2. Looking at a ConeArt kilns for my home studio

    On the L&L kilns they offer the options of having quad elements per section. If I get the 23t, is it worth the extra $300 for the elements upgrade (I'm probably going to be doing cone 6 for the near future)?
  3. Looking at a ConeArt kilns for my home studio

    Thanks everyone for the feedback. I also had some local potters say L&L's are great b/c of the ceramic holders but they did have some issues getting support from L&L. In my classes I've helped load kilns but not gotten involved with any of the firings/maintenance. Does element sagging, bricks chipping, and replacing elements happen enough where the L&L ceramic holders are a major plus? Right now it looks like L&L and ConeArt are the top choices so I think I'll start waiting around for the holiday sales to start. Knowing my luck right after I put in the order, someone will run a sale selling the same setup for cheaper.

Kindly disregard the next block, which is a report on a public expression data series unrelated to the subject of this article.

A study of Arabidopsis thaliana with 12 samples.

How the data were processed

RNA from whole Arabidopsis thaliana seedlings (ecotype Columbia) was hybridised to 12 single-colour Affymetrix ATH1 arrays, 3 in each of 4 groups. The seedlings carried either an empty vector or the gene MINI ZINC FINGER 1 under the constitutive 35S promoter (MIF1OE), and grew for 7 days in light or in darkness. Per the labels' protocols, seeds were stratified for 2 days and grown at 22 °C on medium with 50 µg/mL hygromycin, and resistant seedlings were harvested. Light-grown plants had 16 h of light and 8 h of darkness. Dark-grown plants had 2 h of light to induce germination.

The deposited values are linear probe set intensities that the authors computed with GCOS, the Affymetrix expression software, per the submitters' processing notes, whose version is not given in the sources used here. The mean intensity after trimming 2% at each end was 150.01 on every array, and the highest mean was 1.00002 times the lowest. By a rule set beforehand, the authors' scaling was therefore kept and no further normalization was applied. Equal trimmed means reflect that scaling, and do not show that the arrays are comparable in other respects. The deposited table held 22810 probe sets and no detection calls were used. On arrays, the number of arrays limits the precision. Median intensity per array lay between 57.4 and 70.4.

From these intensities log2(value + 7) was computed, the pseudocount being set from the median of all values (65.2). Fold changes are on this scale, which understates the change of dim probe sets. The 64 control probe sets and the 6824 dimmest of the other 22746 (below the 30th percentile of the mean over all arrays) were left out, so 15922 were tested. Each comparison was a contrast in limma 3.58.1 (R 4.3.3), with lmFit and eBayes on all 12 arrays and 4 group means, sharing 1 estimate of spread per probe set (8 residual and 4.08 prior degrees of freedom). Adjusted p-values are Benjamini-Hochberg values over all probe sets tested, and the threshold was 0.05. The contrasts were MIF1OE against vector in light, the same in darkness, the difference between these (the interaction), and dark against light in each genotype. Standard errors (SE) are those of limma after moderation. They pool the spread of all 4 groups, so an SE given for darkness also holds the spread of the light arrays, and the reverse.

4. I'm in the process of setting up a home studio in my garage and have been talking to a lot of potters about what kind of kiln to get. I'm convinced that something in the 6-7 sq. ft. range will be sufficient for work I'll be producing. My former teacher pointed me towards Skutt but all the potters in my new studio say that ConeArt is the brand I should go with. I looked at ConeArt kilns and I like the features they have (extra insulation, floor elements, etc). The kiln I'm considering is the ConeArt 2327. I've been trying to do some more research on their kilns to get some other people's experiences/thoughts on those kilns but haven't found much online. Has anyone ever used/owned ConeArt kilns before and can toss out their thoughts about them (good and/or bad)? Any comments related to maintenance, durability, and customer service would be great.